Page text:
During a pivotal scene in the film Syriana, an American energy analyst, played by Matt Damon, warns a young Saudi Arabian royal, played by Alexander Siddig, about the finite nature of his country’s oil resources, and about how his country’s failure to diversify its economy risks a future of geopolitical irrelevance and poverty. Although it would be presumptuous to assume the scene a call-to-action, there is a growing movement among business elites across the Middle East to expand not only its economy beyond oil, but also to construct alternative modes of living that embraces non-reliance on fossil fuels.
Inspired by the Egyptian pyramids and the temple towers of the Mesopotamian valley, Dubai-based environmental design company Timelinks recently submitted plans to construct the Ziggurat pyramid, a pioneering building that hopes to house 1 million individuals.
In addition to the sheer number of people the Ziggurat plans to accommodate, the building also aims to generate all of its energy from renewable resources, be carbon-neutral, and incorporate the surrounding environment seamlessly. The following is a summarized list of features:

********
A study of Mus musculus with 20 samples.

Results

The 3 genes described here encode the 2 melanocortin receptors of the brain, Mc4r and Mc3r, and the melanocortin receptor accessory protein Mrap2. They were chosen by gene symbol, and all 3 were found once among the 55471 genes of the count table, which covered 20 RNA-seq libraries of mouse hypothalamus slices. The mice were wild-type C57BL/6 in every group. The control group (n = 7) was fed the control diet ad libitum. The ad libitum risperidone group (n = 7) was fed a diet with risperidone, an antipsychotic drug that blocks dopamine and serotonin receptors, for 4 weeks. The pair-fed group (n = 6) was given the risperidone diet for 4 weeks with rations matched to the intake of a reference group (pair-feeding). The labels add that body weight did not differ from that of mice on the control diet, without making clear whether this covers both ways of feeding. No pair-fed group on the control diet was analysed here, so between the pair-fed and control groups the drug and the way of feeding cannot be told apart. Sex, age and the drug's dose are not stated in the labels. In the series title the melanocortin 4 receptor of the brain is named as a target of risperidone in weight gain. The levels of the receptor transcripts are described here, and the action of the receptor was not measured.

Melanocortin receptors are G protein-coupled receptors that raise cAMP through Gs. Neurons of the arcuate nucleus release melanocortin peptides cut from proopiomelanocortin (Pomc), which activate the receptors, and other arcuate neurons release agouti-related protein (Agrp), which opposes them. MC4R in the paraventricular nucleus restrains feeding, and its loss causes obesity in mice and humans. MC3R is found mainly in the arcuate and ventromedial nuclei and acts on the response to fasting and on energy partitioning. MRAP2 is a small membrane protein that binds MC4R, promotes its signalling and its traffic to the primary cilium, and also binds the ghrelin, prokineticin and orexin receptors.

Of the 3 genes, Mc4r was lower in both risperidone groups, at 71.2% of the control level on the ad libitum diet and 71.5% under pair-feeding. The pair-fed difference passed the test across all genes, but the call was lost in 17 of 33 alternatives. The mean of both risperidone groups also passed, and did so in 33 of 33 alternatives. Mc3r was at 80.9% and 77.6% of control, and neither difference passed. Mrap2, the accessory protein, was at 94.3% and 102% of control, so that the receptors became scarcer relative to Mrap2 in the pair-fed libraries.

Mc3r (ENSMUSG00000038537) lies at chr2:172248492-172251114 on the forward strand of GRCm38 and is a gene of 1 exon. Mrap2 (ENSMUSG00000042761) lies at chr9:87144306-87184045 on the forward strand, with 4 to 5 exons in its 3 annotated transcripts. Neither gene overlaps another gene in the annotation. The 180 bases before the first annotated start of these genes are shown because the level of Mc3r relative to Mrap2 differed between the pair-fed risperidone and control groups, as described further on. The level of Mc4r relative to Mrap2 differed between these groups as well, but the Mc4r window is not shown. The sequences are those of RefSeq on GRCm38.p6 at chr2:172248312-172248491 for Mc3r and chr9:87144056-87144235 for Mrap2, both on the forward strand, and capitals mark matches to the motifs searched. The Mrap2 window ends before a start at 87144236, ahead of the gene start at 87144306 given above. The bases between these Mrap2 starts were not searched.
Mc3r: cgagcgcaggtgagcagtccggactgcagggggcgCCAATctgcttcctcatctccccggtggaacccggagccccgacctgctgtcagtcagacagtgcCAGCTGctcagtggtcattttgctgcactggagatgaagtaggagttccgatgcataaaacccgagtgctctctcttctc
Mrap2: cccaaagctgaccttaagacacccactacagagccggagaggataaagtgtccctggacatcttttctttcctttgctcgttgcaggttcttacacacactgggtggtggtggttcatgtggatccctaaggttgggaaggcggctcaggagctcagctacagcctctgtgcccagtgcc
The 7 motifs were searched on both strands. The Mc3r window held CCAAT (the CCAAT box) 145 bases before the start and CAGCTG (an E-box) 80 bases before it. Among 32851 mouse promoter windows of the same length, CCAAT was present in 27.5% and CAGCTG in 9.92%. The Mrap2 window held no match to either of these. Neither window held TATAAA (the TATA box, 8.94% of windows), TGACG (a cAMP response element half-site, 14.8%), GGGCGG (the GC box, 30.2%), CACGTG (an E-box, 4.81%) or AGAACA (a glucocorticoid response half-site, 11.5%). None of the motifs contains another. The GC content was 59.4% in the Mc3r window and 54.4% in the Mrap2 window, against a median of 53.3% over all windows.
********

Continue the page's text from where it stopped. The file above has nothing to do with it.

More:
• Covers 2.3 square kilometers (0.88 square miles).
• Utilizes solar, steam, wind and other natural resources.
• Includes plenty of green spaces for recreation and agriculture.
• Runs an efficient horizontal and vertical public transportation system.
• Uses 10% of land surface that a normal one million person city would need.
• Will integrate facial recognition technology for security purposes.
Although the feasibility of the Ziggurat has been called into question, Timelink’s design nonetheless represents an important shift in the architectural ambitions of the region; Dubai and Qatar are two countries heavily invested in sustainable architecture and energy-efficient mega structures.
Whereas the pyramids of the past were reserved exclusively for ritualistic burial, religious ceremony, and in honor of deceased royals, Timelink’s Ziggurat calls for a reimagined and forward thinking Middle Eastern landscape and economy.